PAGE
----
Bars have also carried with them the stigma of locations of ill-repute, vice, underage drinking, brawling, and debauchery. While many bars have rightfully earned these reputations, these pre-conceived notions can also blind us to the important role bars have and continue to play in American cities, culture, and society.
The Historic Social Aspect of Bars:
Being Urban: A Sociology of City Life, a book that studies the sociology of places, suggests that there are few locations other than bars where urban strangers “can suspend the normal rules of disengagement and participate in..quasi-intimate relationships.”(Karp 110) Not only are bars places where strangers can become friends they are also platforms “on which persons vie for status, esteem, and recognition.” (Karp 246)
Researchers suggest that in regards to these social aspects bars and taverns are comparable to the coffeehouses of London and Parisian salons. However, unlike these European establishments, that may have been more selective towards clientele, in bars and “taverns people could mix together: you see men drinking alongside the people they work for.” (Smithsonian, 2011)
This important social aspect, the blending of social groups, can be seen in bars across America and in Georgetown’s past. Some examples: Nathan’s used to host a question and answer lunch with local influential Washingtonians, connecting residents with politicians. The Cellar Door and the Bayou offered intimate concert locations where fans could watch their favorite artist in an intimate setting and often meet them after the show, connecting artist and fan. Martin’s Tavern remains a favorite spot for both tourist, neighbors, and politicians. The Third Edition and The Tombs act and acted as gathering spots for both students and neighbors. Bars such as Winston’s and Crazy horse attracted young adults from Maryland and Virginia, visiting Marines, and college students from GW and American. (Berger, 1982)
The Washington Post article “Georgetown After Dark : Loud, Lively and Preppy Too” sums up the social role of Georgetown’s bars best as: “The need for human contact draws many to bars in Georgetown. In Mr. Smith’s, while the young frolic in the garden patio, older patrons get melancholy around the piano bar, singing, “Somewhere Over the Rainbow,” “Love Is A Many-Splendored Thing” and “Edelweiss,” harmonizing with strangers in a minor key.” (Berger, 1982)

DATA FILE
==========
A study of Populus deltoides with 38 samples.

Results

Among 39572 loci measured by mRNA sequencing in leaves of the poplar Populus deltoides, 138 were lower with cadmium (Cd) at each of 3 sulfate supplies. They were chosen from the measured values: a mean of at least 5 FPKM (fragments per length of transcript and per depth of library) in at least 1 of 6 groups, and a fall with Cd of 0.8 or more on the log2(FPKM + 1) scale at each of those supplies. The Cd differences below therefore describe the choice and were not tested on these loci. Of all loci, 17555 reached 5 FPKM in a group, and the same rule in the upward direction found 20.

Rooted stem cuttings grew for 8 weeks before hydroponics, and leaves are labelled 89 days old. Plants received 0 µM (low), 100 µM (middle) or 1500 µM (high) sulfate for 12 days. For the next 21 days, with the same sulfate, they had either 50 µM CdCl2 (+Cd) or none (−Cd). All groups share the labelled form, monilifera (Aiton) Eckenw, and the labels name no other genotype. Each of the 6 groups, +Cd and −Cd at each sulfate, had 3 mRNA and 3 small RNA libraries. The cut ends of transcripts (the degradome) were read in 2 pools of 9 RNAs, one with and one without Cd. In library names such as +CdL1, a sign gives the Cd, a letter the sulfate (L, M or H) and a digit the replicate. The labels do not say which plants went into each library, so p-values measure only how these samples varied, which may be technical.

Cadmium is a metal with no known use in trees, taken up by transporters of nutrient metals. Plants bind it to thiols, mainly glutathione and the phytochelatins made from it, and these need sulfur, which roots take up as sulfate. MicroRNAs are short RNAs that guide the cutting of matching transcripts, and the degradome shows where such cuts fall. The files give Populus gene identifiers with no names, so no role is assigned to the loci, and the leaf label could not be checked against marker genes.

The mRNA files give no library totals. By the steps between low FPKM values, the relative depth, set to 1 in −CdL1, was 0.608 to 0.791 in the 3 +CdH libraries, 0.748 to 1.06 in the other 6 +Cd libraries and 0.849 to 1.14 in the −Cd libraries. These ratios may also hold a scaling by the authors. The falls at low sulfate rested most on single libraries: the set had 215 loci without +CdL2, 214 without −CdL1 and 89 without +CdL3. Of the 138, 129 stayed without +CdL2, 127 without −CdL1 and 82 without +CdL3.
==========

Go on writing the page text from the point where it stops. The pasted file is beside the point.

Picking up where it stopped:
Georgetown’s Historic “Neighborhood” Identity:
Georgetown bars helped shape Georgetown’s unique identity as a neighborhood within a city. In a Washington Post article, a visitor described going out in Georgetown as “like being at home almost, like your own neighborhood…Every time you come here you see someone you haven’t seen in a long time, someone you grew up with. You can stand and talk and see the sights.” (Berger, 1982) People even went as far as describing Georgetown as “Washington’s front porch” where “people bump into old friends, and make new ones.” (Berger, 1982) In this sense, Georgetown’s past bars helped make Georgetown into a going out destination and ultimately a neighborhood for everyone to feel at home.
A Case Study of Bars Historic Social Role in the City: Georgetown’s Suter’s Tavern
While its location is still debated, many historians agree that Suter’s Tavern was located between Bridge Street (now M. Street) and the river some even rumor it was located on thirty-fifth and K street. Below is a picture from the Library of Congress on what is believed to be Suter’s Tavern.
Suter’s Tavern is important because it is a prime example of a bar’s important role in a city. Traditionally, the role of bars is to serve alcoholic drinks, “but [bars] also acted as a city hall, a marketplace, a banquet and dance hall, a theater box office and a library”(89 Schwantes). Additionally, “taverns also provided meals and lodging and served as places to socialize and conduct business. They frequently served as meeting halls for the town’s political and legal affairs, and as such, taverns figured significantly in Georgetown’s early history.” (Mould 27)
Suter’s Tavern played all these roles, while also playing host to some of the United States top politicians, including George Washington and Thomas Jefferson. In fact, it was at Suter’s Tavern that George Washington signed the proclamation creating Washington D.C. just east of Georgetown. It was in a room rented from Suter’s Tavern that Pierre L’Enfant planned our Nations Capital. And it is from these early days in Suter’s Tavern that Washington D.C. has grown and prospered into the powerful city it is today.
- Being Urban: A Sociology of City Life, 3rd Edition.” Google Books. N.p., n.d. Web. 27 Apr. 2017.
- “The Spirited History of the American Bar.” Smithsonian.com. Smithsonian Institution, 02 Aug. 2011. Web. 27 Apr. 2017.
- Berger, Leslie. “Georgetown After Dark: Loud, Lively and Preppy, Too.” The Washington Post. WP Company, 25 Aug. 1982. Web. 27 Apr. 2017
- Mould, David H., and Missy Loewe. Remembering Georgetown: A History of the Lost Port City. Charleston: History, 2009. Print.